If there are any massive, clanging mistakes in this column (or even little, tinkling mistakes, like the mistake equivalent of a souvenir windchime), please excuse me and put a hold on the irate letter-writing. I have been awake for 24 hours. I am not in the sharpest of mind frames. In fact you’re lucky there are words on this page at all, and not just a doodle of a spaceship with donuts for windows.
I was up all night, and this is exciting because I was up all night for a reason I have never been up all night for before (I’m sorry, it’s the caffeine talking). Until this point in my life, there were only really three possible reasons for my being up all night: one was going out, in some sort of club-based scenario. The second was staying in, in some sort of violently-ill-based scenario. And the third was one of those communal sleepovers where everyone lies awake in the dark talking complete tripe about the state of the universe and trying not to come into contact with each other’s feet.
But yesterday, I stayed up all night because I was working. Working, that is, reporting on the Oscars for a style blog – something I feel guilty describing as work while there are people who go down mineshafts and put their hands up cattle. After 12 hours, two cans of Relentless, a sizeable packet of Oreos and the partial contraction of repetitive strain injury, I have concluded thus of the Academy Awards 2010: it was a good year for women.
It is pertinent, you can’t help but feel, that the first female recipient of the Best Director Oscar received it on the eve of International Women’s Day. Or maybe I’m the only one who can’t help but feel it, because having gone to an all-girls school, International Women’s Day is embedded in my consciousness as a guilty occasional on which to try to do something sisterly and consider giving up eyeliner. But even those untouched by the feminist resonance of Kathryn Bigelow’s victory can still enjoy the game of “how narked must James Cameron be feeling this morning?” It’s fun for all the family.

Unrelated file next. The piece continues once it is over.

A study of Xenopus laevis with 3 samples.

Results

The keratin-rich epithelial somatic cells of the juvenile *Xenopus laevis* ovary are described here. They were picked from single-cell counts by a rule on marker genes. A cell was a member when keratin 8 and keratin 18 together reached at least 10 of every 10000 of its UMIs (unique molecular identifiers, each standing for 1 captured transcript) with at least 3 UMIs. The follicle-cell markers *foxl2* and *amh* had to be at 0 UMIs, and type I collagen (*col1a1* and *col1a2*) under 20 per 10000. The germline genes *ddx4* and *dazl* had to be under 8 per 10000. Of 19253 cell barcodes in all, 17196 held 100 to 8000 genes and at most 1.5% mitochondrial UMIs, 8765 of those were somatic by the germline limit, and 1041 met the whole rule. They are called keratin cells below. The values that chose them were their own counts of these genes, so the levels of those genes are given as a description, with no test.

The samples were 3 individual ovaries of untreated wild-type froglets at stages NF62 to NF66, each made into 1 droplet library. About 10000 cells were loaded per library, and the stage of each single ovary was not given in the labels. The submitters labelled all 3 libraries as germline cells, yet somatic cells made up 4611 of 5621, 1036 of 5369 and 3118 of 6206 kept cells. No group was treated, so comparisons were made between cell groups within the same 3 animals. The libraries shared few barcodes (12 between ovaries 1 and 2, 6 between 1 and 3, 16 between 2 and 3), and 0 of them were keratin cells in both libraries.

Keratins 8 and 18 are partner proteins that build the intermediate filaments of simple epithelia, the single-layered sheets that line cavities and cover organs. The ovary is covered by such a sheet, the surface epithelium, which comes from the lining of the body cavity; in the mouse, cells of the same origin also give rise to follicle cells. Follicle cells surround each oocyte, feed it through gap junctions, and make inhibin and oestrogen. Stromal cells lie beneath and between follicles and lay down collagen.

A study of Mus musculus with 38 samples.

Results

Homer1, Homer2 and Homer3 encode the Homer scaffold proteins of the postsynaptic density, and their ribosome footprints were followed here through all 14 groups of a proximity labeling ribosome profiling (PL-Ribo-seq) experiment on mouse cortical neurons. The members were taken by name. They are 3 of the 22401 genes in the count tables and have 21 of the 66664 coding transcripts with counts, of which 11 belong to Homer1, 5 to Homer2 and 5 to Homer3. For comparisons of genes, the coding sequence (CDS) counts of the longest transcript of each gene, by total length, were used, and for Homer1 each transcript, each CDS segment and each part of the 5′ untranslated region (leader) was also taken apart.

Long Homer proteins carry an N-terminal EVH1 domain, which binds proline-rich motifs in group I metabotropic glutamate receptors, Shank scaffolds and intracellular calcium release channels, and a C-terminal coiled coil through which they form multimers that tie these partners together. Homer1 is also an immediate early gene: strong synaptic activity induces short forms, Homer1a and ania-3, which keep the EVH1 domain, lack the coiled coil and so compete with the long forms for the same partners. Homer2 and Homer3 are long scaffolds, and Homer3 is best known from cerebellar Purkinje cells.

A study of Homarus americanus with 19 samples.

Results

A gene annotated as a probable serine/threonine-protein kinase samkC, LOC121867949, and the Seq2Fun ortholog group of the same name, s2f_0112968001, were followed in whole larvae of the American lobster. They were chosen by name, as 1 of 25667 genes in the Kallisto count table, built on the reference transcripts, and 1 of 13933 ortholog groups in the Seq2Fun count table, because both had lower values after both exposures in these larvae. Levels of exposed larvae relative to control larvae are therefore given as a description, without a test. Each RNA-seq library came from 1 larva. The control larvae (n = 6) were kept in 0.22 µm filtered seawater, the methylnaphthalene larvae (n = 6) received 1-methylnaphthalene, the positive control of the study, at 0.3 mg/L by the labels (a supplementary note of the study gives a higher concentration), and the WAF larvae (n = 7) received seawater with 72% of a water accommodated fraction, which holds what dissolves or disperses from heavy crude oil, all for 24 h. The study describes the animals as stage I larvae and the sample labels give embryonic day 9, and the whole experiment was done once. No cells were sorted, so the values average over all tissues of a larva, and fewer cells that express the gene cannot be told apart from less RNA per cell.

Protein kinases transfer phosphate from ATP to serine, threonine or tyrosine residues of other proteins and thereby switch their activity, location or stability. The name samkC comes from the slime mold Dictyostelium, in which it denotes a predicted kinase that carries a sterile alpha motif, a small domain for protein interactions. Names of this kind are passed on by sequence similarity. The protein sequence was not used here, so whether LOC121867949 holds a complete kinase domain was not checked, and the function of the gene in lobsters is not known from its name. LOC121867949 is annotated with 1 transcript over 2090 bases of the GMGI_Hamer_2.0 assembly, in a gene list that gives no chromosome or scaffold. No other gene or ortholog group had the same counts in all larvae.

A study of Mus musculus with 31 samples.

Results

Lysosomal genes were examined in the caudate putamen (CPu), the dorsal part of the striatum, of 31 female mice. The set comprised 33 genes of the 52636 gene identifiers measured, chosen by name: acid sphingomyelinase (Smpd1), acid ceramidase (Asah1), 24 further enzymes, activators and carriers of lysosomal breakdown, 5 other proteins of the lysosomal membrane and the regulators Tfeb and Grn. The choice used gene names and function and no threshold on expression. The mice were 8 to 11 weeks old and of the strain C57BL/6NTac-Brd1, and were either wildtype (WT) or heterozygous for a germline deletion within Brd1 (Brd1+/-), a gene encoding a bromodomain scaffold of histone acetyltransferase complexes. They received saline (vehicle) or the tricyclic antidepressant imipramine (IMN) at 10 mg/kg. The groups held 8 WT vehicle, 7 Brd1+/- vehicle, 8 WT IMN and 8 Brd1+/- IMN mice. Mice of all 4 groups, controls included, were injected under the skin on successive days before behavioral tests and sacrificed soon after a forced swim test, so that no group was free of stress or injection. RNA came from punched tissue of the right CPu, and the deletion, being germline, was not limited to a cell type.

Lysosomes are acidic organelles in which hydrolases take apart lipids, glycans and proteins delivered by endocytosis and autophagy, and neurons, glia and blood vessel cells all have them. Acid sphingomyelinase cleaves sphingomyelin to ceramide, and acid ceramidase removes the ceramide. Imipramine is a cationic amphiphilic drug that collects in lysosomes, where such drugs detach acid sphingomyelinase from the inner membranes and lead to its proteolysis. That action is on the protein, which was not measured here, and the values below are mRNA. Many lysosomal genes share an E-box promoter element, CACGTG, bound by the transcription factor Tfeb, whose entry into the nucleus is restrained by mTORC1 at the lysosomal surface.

There was another female hero to come out of the night though, and one who has pushed the boundaries for women in a different direction. More specifically, she has pushed the boundaries of clothing to incorporate cooking utensils. Let us all applaud Carey Mulligan, the girl who had the courage to look at a conventional evening dress, stand up and say, “No. I think it should have miniature cutlery and scissors hanging off it.”
For what else do women really crave in this day and age, but the right to shun cumbersome handbags and wear everything we might need for a midweek camping trip hanging off the front of our ballgowns? An emblem of independence, Carey knows that it is not enough to rest on the laurels of one’s BAFTA-winning acting performance and expect the little people to take care of you. No, the thinking woman’s movie star is like an exceptionally well-dressed boy scout, prepared for every eventuality by becoming the Prada realisation of a swiss army knife.
So here’s to the girls who made Oscar history. To Kathryn, for being the first woman to win Best Director and to Carey for being the first woman to wear a Sylvanian dinner set as an accessory. Oh, and both of them looked hot. But we all know that’s irrelevant.